Molds have an important role in the natural environment, but when they grow and exist inside building establishments, they create a negative effect on the air quality inside the building atmosphere, especially with airborne type of mold species, being a source of allergen and can adversely affect the health of the dwellers, who may have allergic reactions to molds, thus, causing them to experience nasal problems, like sneezing or runny nose, and other health reactions, such as coughing, eye irritation or upper respiratory irritation and even as severe as an asthma attack. Water leaking constantly in a building and has not been given immediate remedial action for a long period of time may result into dampness in the indoor environment and the existence of mold growth. Molds exist to contribute to the natural habitat of decomposing dead matters, that is why they can pose a serious adverse effect inside a building environment, when they are found existing, as they are likely to decompose any wood, porous materials in the building, including drywalls and carpets.
As part of a maintenance procedure in a building structure, mold inspection should be regularly performed, to meet up on the following objectives: test for mold growth in the establishment; locate the mold population when there is a positive test result of their existence; identify their specie; and conduct a post-inspection after a remedial action has been performed to eliminate the mold presence.
Mold inspection observes these five steps: interview of occupants or building maintenance caretaker, visual inspection, sampling, sampling analysis, and reporting.
Common issues inquired through the interview by the mold inspector are on these topics: humidity inside the building, mold smell, any possible roof or plumbing leaks, or detected mold presence inside the building.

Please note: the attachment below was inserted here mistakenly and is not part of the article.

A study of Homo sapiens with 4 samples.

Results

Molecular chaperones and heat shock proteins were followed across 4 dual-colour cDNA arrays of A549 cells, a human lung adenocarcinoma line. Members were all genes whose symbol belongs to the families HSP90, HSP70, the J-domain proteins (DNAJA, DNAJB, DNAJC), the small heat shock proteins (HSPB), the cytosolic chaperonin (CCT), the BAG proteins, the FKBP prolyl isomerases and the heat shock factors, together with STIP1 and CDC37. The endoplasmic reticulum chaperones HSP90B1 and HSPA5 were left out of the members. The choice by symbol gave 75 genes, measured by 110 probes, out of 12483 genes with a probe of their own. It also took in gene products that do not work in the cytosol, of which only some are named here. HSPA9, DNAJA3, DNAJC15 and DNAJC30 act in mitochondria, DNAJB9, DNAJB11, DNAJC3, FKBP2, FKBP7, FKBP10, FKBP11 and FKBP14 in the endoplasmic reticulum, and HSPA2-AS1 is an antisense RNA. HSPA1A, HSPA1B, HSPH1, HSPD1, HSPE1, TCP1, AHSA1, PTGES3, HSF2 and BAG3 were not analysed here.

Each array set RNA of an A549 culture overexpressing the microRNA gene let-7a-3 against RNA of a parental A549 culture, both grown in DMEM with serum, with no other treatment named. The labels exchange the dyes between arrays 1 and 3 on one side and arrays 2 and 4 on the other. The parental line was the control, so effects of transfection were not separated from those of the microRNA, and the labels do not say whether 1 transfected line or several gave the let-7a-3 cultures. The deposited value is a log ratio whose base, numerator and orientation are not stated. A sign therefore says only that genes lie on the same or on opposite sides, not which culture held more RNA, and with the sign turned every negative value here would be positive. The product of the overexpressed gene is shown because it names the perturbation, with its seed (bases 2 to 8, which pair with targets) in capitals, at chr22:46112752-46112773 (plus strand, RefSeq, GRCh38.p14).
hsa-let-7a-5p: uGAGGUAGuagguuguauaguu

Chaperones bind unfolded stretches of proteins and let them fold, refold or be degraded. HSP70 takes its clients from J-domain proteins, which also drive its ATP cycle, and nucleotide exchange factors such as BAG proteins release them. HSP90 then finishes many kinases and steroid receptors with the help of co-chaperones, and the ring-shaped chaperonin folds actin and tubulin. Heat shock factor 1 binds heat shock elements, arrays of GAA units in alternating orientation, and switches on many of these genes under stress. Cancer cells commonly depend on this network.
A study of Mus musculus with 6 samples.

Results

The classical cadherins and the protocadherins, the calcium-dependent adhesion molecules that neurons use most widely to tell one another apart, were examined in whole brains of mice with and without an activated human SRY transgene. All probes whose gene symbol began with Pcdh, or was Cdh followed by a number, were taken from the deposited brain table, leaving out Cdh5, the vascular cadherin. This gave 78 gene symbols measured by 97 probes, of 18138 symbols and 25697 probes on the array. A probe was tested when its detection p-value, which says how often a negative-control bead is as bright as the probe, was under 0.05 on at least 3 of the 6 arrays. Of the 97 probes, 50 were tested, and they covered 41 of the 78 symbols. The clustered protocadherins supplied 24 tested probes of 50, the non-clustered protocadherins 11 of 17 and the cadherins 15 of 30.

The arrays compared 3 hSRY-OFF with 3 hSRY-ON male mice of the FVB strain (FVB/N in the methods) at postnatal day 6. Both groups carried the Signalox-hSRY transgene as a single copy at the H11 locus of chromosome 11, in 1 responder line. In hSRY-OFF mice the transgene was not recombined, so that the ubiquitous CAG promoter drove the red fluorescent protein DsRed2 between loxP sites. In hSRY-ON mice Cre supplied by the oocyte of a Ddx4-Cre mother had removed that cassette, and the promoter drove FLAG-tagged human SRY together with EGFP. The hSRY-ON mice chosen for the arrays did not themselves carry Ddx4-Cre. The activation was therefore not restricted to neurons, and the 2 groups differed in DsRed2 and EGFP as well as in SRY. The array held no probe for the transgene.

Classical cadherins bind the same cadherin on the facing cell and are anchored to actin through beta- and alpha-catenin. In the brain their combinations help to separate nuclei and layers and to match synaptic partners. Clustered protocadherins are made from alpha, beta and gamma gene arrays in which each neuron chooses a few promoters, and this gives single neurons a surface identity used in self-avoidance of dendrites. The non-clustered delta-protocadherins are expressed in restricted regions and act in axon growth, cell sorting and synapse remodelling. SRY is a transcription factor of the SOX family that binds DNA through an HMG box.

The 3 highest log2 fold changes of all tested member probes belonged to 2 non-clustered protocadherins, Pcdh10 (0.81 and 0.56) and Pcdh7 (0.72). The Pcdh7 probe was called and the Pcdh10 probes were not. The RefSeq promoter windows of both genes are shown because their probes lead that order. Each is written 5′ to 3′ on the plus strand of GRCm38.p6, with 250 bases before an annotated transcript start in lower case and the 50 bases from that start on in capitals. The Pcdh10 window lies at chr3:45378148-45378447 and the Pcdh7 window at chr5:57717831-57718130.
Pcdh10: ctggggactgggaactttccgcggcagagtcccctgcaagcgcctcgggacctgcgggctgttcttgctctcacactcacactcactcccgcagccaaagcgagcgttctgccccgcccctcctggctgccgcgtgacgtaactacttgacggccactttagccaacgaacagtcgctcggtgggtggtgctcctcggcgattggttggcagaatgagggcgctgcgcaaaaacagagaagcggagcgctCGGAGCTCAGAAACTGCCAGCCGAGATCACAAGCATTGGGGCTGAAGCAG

When the inspector receives a positive reporting from the owner or caretaker of mold presence, he performs a visual inspection into the spot areas where there is likely water penetration or evidence of a mold habitat existing, using tools like moisture meters for detecting moisture, hydrometers for measuring the humidity, borescopes for viewing sections of walls, or laser thermometers for checking on the surface temperatures, as well as digital photographs, if the mold presence is detected.
The third important task of the mold inspector is to take air samples, outside and inside the building, by using a special sample instrument that can collect mold spores and provide counting results of spores collected, thereby giving a good analysis if the air quality inside the building has deteriorated.
Once air samples have been collected they are then taken to a professional analyst for determination and analysis for the number of mold spores per cubic meter of air, as well as finding out the specific type of mold found.
The summary report of the mold inspector constitutes the visual proof of mold presence, spore level in the air in the building, mold specie present, conclusions and recommendations in maintaining the building condition, as well as measures to remove the presence of molds.